Drinking age debated at universities
August 30, 2008 2:19 PM
An 18-year-old may easily purchase a shot or two of vodka from a bar, should efforts by college presidents to lower the drinking age succeed.
A total of 123 college administrators from prominent schools all over the country like Dartmouth, Duke and Syracuse have signed a petition urging legislators to lower the drinking age from 21 to 18.
They claim that the drinking age of 21, which has been the legal drinking age in the U.S. since 1988, has not been effective in preventing binge drinking — defined as having five or more successive drinks — among college students.
“Twenty-one is not working,” reads the statement signed by the group. “A culture of dangerous, clandestine ‘binge drinking’ — often conducted off-campus — has developed.”
The petition aims to lower the risks and consequences caused by binge drinking among students below the age of 21.
But SF State President Robert Corrigan does not support the petition.
“There’s strong data indicating that alcohol consumption in those under age 21 can be harmful to personal health and safety, and strong evidence that youth under the influence can make poor choices that have harmful consequences,” he said.
Corrigan believes that “educating and training” students about dealing with alcohol is a better solution.
According to the Center on Alcohol Marketing and Youth, a survey of college students in 2001 revealed that for students under age 21, 26 percent drove after drinking alcohol, more than 10 percent drove after consuming more than five drinks, and almost a quarter rode with a high or drunk driver at least once in the 30 days before the survey.
The center also says that the U.S. has the highest drinking age in the world.
Child and adolescent development professor Laurie Meschke believes that lowering the drinking age would be “detrimental to [underage] SFSU students” because of research on the brain development of adolescents.
“It’s pretty critical to look at brain development when it comes to this issue,” Meschke said. “Brain development continues at a rapid pace until the age of 22.”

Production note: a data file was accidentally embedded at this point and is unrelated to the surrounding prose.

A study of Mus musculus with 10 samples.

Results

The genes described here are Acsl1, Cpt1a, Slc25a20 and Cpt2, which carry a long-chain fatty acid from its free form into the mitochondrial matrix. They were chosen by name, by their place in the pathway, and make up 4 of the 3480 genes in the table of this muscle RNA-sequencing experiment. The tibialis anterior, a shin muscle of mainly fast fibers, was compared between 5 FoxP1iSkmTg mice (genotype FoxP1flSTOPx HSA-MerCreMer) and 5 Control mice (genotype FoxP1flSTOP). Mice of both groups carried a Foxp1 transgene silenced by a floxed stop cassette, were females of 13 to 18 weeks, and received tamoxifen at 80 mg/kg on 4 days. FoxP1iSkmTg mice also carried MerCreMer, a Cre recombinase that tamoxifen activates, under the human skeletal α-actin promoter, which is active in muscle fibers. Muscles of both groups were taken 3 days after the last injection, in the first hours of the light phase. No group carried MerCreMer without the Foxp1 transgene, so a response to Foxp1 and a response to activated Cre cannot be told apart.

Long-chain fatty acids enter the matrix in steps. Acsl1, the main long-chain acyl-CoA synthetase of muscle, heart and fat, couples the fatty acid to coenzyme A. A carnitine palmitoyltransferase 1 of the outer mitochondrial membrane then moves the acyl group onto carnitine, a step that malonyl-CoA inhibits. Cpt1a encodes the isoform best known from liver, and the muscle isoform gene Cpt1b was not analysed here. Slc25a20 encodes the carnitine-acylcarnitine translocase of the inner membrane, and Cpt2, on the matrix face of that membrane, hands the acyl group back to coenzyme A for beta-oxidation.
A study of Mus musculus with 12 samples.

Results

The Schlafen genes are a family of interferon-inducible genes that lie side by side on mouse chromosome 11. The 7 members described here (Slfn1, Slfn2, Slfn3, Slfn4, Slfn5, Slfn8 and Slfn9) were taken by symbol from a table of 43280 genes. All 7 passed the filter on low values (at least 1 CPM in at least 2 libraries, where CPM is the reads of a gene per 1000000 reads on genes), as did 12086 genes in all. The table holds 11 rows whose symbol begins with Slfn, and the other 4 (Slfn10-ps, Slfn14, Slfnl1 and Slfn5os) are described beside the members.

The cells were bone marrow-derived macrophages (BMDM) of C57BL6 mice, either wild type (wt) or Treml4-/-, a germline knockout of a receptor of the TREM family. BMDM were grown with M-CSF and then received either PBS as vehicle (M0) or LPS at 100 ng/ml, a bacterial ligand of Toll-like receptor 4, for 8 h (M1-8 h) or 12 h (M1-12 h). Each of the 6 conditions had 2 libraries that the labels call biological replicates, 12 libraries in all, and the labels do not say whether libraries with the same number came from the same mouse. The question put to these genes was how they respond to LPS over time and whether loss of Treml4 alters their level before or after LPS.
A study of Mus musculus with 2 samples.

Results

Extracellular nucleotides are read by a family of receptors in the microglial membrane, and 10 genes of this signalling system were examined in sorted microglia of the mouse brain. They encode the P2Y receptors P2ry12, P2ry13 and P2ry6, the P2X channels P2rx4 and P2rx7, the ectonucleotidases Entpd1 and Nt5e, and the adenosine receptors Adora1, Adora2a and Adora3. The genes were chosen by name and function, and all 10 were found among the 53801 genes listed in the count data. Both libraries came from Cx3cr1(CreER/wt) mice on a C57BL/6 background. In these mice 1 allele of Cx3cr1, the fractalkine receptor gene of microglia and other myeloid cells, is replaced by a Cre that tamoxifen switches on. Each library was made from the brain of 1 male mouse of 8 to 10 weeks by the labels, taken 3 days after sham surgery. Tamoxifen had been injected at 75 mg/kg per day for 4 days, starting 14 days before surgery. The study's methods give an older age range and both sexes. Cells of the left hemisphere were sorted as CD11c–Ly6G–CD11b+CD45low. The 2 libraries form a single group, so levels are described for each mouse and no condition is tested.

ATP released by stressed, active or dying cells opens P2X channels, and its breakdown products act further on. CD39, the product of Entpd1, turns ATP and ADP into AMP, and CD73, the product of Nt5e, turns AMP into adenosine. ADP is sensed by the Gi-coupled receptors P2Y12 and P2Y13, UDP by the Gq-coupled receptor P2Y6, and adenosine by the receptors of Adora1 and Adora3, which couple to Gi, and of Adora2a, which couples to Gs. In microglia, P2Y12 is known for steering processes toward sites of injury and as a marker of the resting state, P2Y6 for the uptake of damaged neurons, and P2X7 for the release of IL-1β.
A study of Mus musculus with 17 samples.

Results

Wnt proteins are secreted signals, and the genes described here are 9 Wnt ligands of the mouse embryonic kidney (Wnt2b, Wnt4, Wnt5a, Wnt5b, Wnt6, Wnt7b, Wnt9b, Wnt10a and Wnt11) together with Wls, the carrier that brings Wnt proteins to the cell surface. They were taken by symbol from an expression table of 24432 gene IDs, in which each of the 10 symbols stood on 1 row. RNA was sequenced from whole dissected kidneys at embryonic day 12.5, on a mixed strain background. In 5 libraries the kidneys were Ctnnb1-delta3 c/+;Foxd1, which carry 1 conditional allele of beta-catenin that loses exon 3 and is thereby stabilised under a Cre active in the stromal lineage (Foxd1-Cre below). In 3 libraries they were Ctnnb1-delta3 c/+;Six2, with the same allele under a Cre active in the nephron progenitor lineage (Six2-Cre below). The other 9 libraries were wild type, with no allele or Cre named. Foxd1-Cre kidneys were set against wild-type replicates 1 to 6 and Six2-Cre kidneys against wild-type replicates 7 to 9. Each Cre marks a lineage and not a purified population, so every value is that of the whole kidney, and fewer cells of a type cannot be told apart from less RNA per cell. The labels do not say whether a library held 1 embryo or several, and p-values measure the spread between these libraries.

The professor said in 18-year-olds, the brain’s frontal lobe is not yet fully developed, causing younger alcohol drinkers to have much lower inhibitions and preventing them from thinking of the long-term consequences of drinking — which is why the risk of alcohol-related accidents is higher among those under the age of 21.
She added that alcohol has a “much greater impact” on the memory of adolescents, so they are less likely to remember what they did under the influence of alcohol. They are still unable to judge their tolerance levels, which constantly change in people that age.
“They could have five drinks in one night and be perfectly fine,” Meschke said. “But if they had the same number of drinks on another night, they could get completely drunk.”
However, the professor also said that younger drinkers are less likely to have slurred speech or impaired mobility than those over the age of 21.
Numbers are also showing that drinking is no longer a major problem on college campuses. The UCLA Higher Education Research Institute released survey results showing that the number of college freshmen who drank beer in 2007 had decreased by 44 percent since 1982.
SF State students have mixed responses to the possibility of lowering the drinking age.
Jennifer Po, 17, feels that the drinking age should be lowered.
“I think it will desensitize the use of alcohol for future generations,” she said.
Because the current drinking age makes alcohol “forbidden” to teenagers, Po said, it makes them want to try drinking all the more. For her, the change in age restrictions would not keep her from getting drunk, but
“I would probably get so used to [drinking] that I eventually wouldn’t do it so much.”
However, other students feel differently.
“I would feel [cheated],” Kristi Gravano, 21, said. “It’s supposed to be special for 21-year-olds. I had to wait that long to drink. I don’t think [18-year-olds] are responsible enough, because even some 21-year-olds are not responsible enough with alcohol.”